Background: Among patients in skilled nursing facilities for post-acute care, increased registered nurse, total licensed staff, and nurse assistant staffing is associated with a decreased rate of hospital transfer for selected diagnoses. However, the cost-effectiveness of increasing staffing to recommended levels is unknown.
Methods: Using a Markov cohort simulation, we estimated the incremental cost-effectiveness of recommended staffing versus median staffing in patients admitted to skilled nursing facilities for post-acute care. The outcomes of interest were life expectancy, quality-adjusted life expectancy, and incremental cost-effectiveness.
Results: The incremental cost-effectiveness of recommended staffing versus median staffing was $321,000 per discounted quality-adjusted life year gained. One-way sensitivity analyses demonstrated that the cost-effectiveness ratio was most sensitive to the likelihood of acute hospitalization from the nursing home. The cost-effectiveness ratio was also sensitive to the rapidity with which patients in the recommended staffing scenario recovered health-related quality of life as compared to the median staffing scenario. The cost-effectiveness ratio was not sensitive to other parameters.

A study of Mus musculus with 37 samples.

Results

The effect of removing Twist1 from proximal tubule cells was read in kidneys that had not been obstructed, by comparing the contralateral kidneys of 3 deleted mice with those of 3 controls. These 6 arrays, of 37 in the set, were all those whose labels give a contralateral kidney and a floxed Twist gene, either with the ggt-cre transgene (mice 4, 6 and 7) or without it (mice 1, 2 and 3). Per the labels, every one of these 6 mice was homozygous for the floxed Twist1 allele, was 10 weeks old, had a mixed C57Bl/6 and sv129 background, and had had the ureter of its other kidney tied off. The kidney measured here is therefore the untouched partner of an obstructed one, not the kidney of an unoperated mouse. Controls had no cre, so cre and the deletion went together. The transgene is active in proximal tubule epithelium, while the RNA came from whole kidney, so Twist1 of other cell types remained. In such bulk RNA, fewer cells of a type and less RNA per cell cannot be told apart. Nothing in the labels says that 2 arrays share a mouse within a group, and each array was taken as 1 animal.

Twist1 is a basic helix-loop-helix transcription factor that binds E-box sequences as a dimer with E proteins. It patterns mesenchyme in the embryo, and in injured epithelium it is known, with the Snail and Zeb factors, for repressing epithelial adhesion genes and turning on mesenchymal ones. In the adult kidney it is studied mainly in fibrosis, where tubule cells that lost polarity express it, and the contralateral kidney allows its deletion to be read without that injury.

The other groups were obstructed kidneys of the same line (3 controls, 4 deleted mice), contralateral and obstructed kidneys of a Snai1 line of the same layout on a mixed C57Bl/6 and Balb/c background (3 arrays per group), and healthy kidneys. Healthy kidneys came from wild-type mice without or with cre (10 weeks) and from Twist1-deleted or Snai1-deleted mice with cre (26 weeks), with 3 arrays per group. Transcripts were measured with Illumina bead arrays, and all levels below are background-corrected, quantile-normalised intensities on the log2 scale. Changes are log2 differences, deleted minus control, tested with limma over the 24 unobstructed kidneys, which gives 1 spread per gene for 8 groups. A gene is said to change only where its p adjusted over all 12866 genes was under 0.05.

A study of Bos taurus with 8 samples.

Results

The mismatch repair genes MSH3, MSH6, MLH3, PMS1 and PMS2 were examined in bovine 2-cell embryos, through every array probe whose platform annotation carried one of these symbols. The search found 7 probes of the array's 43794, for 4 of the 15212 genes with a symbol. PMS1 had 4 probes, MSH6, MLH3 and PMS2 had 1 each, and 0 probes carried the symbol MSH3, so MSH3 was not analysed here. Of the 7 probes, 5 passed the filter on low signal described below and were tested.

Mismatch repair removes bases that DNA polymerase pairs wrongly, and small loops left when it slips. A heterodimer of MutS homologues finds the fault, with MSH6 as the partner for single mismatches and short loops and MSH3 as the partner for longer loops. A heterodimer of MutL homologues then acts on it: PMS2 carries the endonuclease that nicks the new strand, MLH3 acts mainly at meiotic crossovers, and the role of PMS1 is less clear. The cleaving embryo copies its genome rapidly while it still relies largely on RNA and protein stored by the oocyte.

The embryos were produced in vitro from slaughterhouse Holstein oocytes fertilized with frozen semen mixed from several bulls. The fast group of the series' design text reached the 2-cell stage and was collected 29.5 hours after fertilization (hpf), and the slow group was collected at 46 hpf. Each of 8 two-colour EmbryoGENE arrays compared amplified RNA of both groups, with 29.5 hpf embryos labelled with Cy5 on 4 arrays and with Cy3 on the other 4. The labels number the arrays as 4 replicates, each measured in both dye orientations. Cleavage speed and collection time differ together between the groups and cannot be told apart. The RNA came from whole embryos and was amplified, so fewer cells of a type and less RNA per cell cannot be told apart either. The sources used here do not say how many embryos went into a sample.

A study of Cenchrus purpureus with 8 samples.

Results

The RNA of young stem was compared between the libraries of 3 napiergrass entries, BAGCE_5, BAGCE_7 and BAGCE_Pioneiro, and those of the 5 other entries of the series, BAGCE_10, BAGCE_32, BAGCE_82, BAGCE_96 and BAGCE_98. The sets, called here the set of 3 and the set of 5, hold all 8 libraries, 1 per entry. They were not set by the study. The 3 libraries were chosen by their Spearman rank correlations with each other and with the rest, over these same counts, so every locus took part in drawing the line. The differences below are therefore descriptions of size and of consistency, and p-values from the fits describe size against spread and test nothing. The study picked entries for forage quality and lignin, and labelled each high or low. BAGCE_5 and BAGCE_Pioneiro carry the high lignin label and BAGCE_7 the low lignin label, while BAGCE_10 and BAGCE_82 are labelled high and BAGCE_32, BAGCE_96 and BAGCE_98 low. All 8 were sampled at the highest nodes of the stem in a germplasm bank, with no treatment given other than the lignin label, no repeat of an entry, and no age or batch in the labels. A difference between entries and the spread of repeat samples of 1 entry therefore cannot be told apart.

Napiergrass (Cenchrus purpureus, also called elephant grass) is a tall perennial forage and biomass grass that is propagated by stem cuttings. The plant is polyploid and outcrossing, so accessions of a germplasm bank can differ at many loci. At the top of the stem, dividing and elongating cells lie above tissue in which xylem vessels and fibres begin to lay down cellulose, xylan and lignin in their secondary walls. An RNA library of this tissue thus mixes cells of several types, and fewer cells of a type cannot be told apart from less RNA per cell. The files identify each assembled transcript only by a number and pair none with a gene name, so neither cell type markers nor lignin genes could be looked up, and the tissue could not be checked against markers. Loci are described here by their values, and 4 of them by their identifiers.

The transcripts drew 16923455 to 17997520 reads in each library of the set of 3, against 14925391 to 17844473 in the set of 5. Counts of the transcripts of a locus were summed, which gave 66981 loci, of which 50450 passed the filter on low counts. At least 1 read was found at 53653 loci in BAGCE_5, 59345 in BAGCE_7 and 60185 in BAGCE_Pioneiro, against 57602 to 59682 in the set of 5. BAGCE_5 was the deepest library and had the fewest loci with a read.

Conclusion: Adopting recommended nurse staffing for short-stay nursing home patients cannot be justified on the basis of decreased hospital transfer rates alone, except in facilities with high baseline hospital transfer rates. Increasing nurse staffing would be justified if health-related quality of life of nursing home patients improved substantially from greater nurse and nurse assistant presence.